Retail sales volumes rose at their fastest year-on-year rate for a decade in April amid a squeeze on prices, official figures showed today.
Volumes were up by 6.9% compared to the same month last year, according to the Office for National Statistics (ONS), while average store prices fell 0.6%.
It was the fastest rate since May 2004 and continues a pattern of year-on-year growth since early 2013 as the economic recovery has taken hold.
Retail sales last month were up by 1.3% compared to March, well ahead of forecasts for a 0.4% month-on-month rise. The ONS also sharply revised up a 0.1% increase in March to 0.5% after late data returns.
Food stores experienced the fastest year-on-year rise in volume sales since January 2002, at 6.3%, as customers took advantage of the supermarket price war, driving average weekly sales to £3 billion.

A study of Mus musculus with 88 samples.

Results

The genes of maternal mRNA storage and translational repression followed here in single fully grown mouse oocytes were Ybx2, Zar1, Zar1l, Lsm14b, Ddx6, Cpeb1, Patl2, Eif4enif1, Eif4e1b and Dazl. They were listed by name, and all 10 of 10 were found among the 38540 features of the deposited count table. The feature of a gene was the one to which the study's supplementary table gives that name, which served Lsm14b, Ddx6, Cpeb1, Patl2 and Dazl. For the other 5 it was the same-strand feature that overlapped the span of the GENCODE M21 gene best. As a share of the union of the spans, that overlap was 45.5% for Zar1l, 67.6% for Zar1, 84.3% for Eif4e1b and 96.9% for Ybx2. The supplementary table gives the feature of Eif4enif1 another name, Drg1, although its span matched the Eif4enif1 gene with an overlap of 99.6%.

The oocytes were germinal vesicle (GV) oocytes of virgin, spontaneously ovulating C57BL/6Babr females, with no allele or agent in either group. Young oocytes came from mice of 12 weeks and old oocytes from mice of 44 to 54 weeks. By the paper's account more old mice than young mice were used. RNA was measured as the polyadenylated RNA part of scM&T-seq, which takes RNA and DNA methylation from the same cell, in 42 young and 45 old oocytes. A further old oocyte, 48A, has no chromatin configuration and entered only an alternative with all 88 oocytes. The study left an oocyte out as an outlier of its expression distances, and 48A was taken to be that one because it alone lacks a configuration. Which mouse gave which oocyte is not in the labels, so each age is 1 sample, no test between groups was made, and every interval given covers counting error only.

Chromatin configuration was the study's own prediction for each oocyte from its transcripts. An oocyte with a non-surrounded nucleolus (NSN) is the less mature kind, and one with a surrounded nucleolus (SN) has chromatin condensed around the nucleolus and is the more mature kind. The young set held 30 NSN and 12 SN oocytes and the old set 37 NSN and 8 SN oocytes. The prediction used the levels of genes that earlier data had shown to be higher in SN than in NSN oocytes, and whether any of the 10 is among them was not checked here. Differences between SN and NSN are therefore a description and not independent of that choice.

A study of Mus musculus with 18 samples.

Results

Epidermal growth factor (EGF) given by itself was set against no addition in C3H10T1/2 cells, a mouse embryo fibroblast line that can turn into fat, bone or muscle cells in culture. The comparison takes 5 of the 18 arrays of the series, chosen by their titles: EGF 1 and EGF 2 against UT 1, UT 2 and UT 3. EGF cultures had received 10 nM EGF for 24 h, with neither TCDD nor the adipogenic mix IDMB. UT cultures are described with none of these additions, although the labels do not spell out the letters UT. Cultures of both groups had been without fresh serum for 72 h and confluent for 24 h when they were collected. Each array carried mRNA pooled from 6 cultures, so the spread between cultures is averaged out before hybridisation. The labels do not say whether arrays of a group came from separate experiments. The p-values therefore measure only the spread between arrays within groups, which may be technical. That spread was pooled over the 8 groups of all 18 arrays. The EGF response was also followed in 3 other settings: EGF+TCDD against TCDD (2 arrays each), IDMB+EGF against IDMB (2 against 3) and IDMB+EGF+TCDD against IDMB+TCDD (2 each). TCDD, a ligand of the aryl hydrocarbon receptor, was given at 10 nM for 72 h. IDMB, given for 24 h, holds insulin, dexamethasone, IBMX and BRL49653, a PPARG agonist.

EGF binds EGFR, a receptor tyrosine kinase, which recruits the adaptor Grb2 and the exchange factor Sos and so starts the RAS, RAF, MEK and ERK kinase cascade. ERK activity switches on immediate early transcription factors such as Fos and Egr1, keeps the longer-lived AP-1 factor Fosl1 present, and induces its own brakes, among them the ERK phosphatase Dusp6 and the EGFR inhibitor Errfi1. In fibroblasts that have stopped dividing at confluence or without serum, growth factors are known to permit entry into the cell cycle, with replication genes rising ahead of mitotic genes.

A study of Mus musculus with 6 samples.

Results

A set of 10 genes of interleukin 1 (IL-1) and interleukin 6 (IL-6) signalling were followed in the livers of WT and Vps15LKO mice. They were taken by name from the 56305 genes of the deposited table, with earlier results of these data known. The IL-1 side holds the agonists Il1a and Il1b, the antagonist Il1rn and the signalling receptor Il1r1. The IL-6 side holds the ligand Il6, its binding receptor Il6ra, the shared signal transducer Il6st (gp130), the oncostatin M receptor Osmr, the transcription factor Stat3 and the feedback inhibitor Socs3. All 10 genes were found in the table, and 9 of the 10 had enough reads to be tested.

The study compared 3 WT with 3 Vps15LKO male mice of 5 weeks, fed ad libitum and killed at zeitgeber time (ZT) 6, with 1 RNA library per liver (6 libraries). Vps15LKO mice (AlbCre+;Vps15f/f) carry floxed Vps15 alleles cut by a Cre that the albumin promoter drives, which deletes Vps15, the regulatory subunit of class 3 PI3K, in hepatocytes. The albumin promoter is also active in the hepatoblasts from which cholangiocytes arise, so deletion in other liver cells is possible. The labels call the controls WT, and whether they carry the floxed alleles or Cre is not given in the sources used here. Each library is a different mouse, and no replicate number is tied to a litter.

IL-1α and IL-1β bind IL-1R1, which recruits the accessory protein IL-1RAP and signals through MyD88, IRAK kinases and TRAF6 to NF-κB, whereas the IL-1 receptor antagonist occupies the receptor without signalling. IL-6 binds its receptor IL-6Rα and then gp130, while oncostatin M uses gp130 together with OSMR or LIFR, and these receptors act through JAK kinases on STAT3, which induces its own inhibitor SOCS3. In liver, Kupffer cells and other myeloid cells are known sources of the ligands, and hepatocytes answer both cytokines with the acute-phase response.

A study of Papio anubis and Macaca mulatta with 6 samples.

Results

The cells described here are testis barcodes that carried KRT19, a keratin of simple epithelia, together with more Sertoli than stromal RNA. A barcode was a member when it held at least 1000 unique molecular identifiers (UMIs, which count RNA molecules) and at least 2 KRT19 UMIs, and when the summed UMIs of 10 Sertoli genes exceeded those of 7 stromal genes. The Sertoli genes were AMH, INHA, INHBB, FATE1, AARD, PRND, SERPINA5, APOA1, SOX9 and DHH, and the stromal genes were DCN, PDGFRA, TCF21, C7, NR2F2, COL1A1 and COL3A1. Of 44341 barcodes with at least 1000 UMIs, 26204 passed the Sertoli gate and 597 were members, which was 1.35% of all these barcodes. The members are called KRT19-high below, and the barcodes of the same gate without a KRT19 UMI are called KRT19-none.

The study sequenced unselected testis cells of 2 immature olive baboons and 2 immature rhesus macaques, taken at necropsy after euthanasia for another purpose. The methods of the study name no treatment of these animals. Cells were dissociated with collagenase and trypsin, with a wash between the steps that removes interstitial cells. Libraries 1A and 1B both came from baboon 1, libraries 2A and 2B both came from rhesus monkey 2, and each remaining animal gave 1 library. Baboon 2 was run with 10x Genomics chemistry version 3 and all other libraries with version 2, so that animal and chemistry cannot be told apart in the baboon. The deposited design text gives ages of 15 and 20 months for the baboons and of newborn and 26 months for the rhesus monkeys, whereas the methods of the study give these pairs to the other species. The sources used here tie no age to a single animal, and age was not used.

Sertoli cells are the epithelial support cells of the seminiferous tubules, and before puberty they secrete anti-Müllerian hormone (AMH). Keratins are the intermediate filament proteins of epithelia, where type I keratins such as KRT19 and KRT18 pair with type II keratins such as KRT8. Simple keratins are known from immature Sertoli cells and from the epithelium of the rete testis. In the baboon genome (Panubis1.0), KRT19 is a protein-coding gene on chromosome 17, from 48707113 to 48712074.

Annual price inflation at grocers halved to 0.9% from 1.8% in March.
Non-food sales were up 6.5% on a year earlier while department stores climbed by 9.7%. Online sales spending was up 13.3%.
Howard Archer, chief UK and European economist at IHS Global Insight, said the figures were "mightily impressive... even allowing for a major boost coming from the later Easter this year".
But Jeremy Cook, chief economist at currency company World First, said: "The main reason for this seems to be discounting or price cuts... this means that, while people are still pounding round the high street, profit margins remain squeezed."
Samuel Tombs of Capital Economics said that with earnings growth still struggling to beat inflation, spending rises may "slow a touch" over coming months.
But he said: "We remain fairly optimistic that a combination of easing inflation and a gradual rise in wages will push up real pay and help the consumer recovery to remain strong over the course of the year."
Ian Geddes, UK head of retail at Deloitte, said: "It is encouraging to finally see some strong figures in the food sector, as this remains a challenging market for the large grocers who are vigorously responding to consumers' changing retail habits."